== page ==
1. Jan 8, 2007 #1
    Does Andromeda contain dark matter? Is the newly discovered halo able to account for the rotation of the galaxy?
  2. jcsd
  3. Jan 8, 2007 #2



    quantum123, I deleted your duplicate post in the General Astronomy forum. Do not double-post. If you want your thread moved, PM a Mentor and we'll look into it.
  4. Jan 12, 2007 #3
    Not sure what you mean by "newly discovered halo", but Andromeda was the galaxy for which the first detailed flat rotation curve data was published.
  5. Jan 13, 2007 #4


  6. Jan 17, 2007 #5
    This means our galaxy has much bigger halo....? (as we have smaller baryonic matter radius)
    Same DM indicates that....we are having a bigger halo....
  7. Jan 19, 2007 #6
    What I mean is : Recently we discovered a lot of baryonic matter in the form of a halo around Andromeda galaxy which we did not otherwise know exist, and so needed to deduce the existence of dark matter to account for the gravitational and rotational effects of the entire galaxy. So with this discovery, do we still need to postulate the existence of dark matter for the Andromeda? Is the halo mass enough to account for the galaxy's motion?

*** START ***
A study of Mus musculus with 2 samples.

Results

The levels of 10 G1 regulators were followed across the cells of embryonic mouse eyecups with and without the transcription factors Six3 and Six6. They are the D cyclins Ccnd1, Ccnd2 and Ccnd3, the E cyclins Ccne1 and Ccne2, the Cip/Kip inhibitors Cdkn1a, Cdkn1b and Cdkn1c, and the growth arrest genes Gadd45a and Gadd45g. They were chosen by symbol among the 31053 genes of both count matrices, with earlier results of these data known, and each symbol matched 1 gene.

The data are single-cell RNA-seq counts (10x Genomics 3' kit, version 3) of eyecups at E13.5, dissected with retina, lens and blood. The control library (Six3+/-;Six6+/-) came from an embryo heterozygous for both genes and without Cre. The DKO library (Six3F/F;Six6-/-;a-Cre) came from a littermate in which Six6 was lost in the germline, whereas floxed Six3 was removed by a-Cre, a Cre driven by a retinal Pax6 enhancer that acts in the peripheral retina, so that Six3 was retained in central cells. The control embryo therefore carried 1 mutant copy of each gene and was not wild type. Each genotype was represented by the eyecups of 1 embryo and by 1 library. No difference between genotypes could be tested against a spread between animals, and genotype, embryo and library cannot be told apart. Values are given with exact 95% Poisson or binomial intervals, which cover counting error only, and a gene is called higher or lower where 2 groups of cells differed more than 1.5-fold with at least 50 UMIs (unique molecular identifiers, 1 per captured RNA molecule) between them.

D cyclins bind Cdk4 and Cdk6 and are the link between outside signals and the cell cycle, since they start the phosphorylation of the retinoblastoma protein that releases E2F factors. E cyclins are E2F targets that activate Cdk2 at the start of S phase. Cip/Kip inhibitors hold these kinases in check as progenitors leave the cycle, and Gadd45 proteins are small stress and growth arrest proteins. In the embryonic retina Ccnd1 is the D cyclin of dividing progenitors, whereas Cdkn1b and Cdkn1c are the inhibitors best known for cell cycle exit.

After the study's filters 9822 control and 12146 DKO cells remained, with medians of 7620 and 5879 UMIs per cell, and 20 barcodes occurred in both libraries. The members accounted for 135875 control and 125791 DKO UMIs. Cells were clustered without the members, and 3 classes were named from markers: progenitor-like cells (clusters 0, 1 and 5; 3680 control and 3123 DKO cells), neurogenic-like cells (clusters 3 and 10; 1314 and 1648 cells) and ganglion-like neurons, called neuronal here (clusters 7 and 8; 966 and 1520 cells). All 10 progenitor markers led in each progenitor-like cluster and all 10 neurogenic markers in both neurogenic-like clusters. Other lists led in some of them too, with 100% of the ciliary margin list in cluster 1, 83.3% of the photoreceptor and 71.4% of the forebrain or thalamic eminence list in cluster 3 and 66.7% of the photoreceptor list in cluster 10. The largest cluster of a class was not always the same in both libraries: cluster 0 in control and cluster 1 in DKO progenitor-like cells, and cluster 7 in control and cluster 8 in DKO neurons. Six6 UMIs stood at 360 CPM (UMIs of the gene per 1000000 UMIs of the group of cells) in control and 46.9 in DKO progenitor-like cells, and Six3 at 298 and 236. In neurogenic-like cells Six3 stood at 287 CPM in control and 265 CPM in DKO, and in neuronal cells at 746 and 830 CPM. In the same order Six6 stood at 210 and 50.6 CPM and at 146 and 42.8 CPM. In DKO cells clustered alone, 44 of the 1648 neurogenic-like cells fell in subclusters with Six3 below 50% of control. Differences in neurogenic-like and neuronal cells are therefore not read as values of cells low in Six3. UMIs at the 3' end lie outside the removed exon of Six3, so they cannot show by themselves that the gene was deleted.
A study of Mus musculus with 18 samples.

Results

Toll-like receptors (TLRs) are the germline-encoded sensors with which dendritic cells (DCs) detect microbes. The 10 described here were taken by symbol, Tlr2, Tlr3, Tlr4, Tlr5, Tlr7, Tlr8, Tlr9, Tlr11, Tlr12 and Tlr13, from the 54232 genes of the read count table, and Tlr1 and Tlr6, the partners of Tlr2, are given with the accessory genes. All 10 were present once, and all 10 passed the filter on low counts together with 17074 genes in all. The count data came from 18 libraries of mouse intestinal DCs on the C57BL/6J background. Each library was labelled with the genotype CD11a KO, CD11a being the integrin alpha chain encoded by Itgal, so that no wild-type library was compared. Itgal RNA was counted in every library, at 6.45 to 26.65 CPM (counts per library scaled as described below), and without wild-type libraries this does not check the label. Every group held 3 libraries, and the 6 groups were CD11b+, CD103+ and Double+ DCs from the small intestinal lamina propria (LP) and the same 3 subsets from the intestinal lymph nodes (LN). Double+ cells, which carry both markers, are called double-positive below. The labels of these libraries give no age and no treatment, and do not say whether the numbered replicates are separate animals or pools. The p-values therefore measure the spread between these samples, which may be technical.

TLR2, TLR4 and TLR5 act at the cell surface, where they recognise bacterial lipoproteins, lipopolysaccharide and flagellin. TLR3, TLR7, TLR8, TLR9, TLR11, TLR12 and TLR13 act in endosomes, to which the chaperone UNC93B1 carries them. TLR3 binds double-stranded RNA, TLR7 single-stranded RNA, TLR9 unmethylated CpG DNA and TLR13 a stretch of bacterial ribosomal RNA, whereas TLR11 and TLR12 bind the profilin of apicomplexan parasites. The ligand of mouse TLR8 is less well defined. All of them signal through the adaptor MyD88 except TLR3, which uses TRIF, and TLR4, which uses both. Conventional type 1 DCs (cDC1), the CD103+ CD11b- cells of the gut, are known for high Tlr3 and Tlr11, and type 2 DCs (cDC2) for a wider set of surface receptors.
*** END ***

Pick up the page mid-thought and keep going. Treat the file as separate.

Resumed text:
8. Jan 22, 2007 #7
    No, there is not enough baryonic matter in the extended halo of the Andromeda galaxy to account for it's rotation curve.
  9. Jan 23, 2007 #8
    Not enough baryonic matter in the objects like halo etc so far observed and discovered due to more detailed and accurate telescopic work. How about those not yet observed? The argument here is that the missing mass may just be yet to be discovered mass, and not dark matter. Instead of postulating some strange matter, why not just say some matter not discovered and observed yet, such as this latest halo? Why not just look harder with the telescope and you may just find another halo somewhere that can account for the flat rotation curve?